A Federal Communications Commission staff report suggests that any additional regulation of television station ownership or the relationship between networks and affiliates probably would not have any impact on what viewers see.

In the first of many reports expected to come out of the broad Network Inquiry now being conducted by the FCC, the staff concluded that the commission does have the authority to regulate network practices directly.

Still, the staff concluded, if the FCC was to use that authority more than it does today, it would be "unlikely to affect substantially the way the television industry responds to viewer interests."

The staff report said the commission should instead take measures to increase "television viewing alternatives" to the networks, like cable and satellite systems.

"So long as one accepts the existance of three, and only three, networks operating at any given time, there will be severe limitations on the use of the regulatory process to alter the programs which viewers can watch," the staff study said.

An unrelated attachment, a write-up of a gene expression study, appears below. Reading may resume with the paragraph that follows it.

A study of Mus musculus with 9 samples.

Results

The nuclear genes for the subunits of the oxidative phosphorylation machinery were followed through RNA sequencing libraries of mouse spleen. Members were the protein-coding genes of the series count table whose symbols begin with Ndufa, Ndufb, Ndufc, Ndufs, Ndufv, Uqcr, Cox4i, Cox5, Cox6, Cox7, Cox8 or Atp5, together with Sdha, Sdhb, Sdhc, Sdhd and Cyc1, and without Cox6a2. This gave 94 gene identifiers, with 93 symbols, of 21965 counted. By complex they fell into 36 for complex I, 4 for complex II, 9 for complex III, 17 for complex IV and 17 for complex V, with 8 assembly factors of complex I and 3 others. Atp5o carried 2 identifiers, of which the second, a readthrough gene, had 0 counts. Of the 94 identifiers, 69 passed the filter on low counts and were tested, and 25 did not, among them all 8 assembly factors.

Since March 1978, a Network Industry Special Staff has been working on a broad investigation of network practicies, specifically seeking to determine whether these practices are anticompetitive or hamper the independent judgement of affiliated stations.

The reports released yesterday, the first results of the ongoing investigation, represent the first FCC studies of television networks released since 1957.

"The more than two decades since that time have been a period of dramatic growth and changes in U.S. television, and we need to reevaluate the provisions of our existing regulatory scheme for this medium,' said FCC chairman Charles Ferris in a statement accompanying the report.

The report, however, did discuss "the inordinate vacillation and delay exhibited by the FCC," as "symptons" of the failure of the commission to be specific in the information it was seeking about network activity in the past.